Get Help For Wage Levies

Taxpayers beware! If you owe the IRS money, they will not hesitate to take any money from a taxpayer’s paycheck that they believe that the taxpayer owes in back taxes and fines. Wage garnishments imposed by the IRS can total upon to 25 percent of a taxpayer’s earnings for each pay period when you add up the penalties and interest. In today’s struggling economy, the loss of a quarter of a wage earner’s salary can have a devastating impact on their budget.

Because tax fines can tend to snowball, a taxpayer may end up paying much more than anticipated. The impact that those fines can have on wages garnished from their paychecks can be monumental, which is why contacting a professional early is so important. Using a knowledgeable source will not only help prepare a taxpayer for the pain of wage garnishment, but can also work to make sure that the taxpayer only pays the minimum amount that he has to.

The average person is unprepared for the maze of tax laws that allow the IRS to garnish a maximum when it comes to an employee’s earnings. That is why it is essential to retain the services of a professional who is equally educated about the tax laws. It is important to not wait to retain a professional tax attorney until their problems become unmanageable, because when you wait, then you are dealing with increased penalties and interest assessed by the IRS.

As a local Sarasota Tax Attorney concentrating in IRS Problem Resolution, I can help end your IRS wage garnishment. Please call the Law Office of Mary E King today at 941.906.7585.

More On IRS Wage Garnishment

The IRS is not just an unpleasent governent agency but more like the most powerful creditor anyone in a free country will ever have to face. If you have a tax debt and cannot pay the amount and have not attempted to set up a payment plan or otherwise ignored them, they can levy or garnish, your wages. While other provate sector can also get a judgement resulting a wage garnishment, the IRS is different. they have more power to levy your wages, bank account and other assets and they can take more from your wages than other creditors can, with need for a judgment first. However, there is hope for you because you can avoid wage garnishment from the IRS with their payment plans and options.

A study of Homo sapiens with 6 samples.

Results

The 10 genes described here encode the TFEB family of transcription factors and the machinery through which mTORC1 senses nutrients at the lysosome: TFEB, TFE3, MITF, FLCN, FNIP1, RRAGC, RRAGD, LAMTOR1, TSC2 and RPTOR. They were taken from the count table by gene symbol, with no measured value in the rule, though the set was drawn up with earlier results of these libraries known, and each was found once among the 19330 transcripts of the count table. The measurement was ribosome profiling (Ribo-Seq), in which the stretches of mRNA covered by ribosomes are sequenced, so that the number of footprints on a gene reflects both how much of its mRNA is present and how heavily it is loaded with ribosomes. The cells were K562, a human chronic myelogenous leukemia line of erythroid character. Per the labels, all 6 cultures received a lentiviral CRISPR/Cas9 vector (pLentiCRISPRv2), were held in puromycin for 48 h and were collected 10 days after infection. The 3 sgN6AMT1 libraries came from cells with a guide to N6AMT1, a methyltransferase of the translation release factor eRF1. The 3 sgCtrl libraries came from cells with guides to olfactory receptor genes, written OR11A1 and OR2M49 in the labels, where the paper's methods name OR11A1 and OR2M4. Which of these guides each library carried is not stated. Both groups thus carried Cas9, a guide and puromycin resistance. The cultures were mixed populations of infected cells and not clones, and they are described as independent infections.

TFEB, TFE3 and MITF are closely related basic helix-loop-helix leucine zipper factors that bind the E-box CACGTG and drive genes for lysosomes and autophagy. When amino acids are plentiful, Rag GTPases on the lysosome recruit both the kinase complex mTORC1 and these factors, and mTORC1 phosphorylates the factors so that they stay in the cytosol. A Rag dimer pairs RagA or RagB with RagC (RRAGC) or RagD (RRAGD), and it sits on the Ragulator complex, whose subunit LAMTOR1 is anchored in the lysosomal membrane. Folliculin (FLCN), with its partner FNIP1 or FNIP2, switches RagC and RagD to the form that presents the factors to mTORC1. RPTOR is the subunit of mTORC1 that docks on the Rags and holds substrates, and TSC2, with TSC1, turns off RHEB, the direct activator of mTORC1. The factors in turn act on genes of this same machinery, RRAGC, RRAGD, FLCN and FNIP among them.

What Options are Available to Me?

When you prepare your tax return come tax season, you will be in one of two categories: owe money or get a refund. If you owe money, the ideal situation is writing a check for the full amount and send it in with your tax return. For many people, this is sadly unavailable as an option to them.

They do have other options. They include: - filing bankruptcy if the case is severe, - attempt to negotiate a settlement offer, or - set up a payment plan.

However, if you ignore them and do not set up one of these three options, the IRS will start with wage garnishment.

Collection Process

You will get notice and a chance to set up one of the other payment plans before the IRS gets to wage garnishment. However you will have just 30 days to resolve the issue or the garnishment (wage levy)  process will begin.

The notice you receive before the garnishment begins will contain the full amount you owe and how it breaks down into taxes, interest, penalties or other fees. A date by which you will have to pay in full will also be on the notice.

If payment is not complied with in the time that has been given to you, the IRS begins to explore the best ways to force you to pay the tax. They could seize assets, take future refunds, garnish your wages, or other measures could be taken.

How Much Will Be Garnished?

How much will you get to keep is the better question. The IRS will take extreme measures if they have to. For this reason, state and federal laws addressing garnishing by the IRS differently than many other creditors. For these other creditors, a limit on what they can take is established. For the IRS, however, the limit is how much they must leave you to live off of. This minimum on what you can keep corresponds to tax rebates and returns you have filed. If you are single, paid weekly, and claim five exemptions, you can keep $479.81 at minimum. The rest of your salary will go to the IRS.

However, a married person that has filed a joint return, paid monthly, and claiming two exemptions gets $1,625. The rest will go to the IRS to pay your taxes. At $5,000 a month, the married person looses $3,375 to the IRS and keeps the rest. Depending on how much they owe, this could go on for five months or five years. There is very little you can do once the IRS has begun to garnish your wage.

What Can I Do At This Point?

At this point, your only recourse to avoid a wage garnishment is to either pay the amount in full, set up an installment agreement or get help from a qualified attorney to stop the collections process.

The garnishment of your wages it the last resort the IRS will take. If you ignore all their other attempts to get the money you owe them, it will come to this. However even if you have recieved a notice of intent to levy, an attorney can still have time to intervene on your behalf and begin the negotiation process. Once the IRS agrees to negotiate, they will have to postpone all collection attempts untill a resolution occures or is nmegotiations fail, resume collections. However in either case you will have bought more time to respond.

If you have recieved a notice of intent to levy by the IRS do not wait, contact the law office of Mary King and take the first step to resolving your tax problems.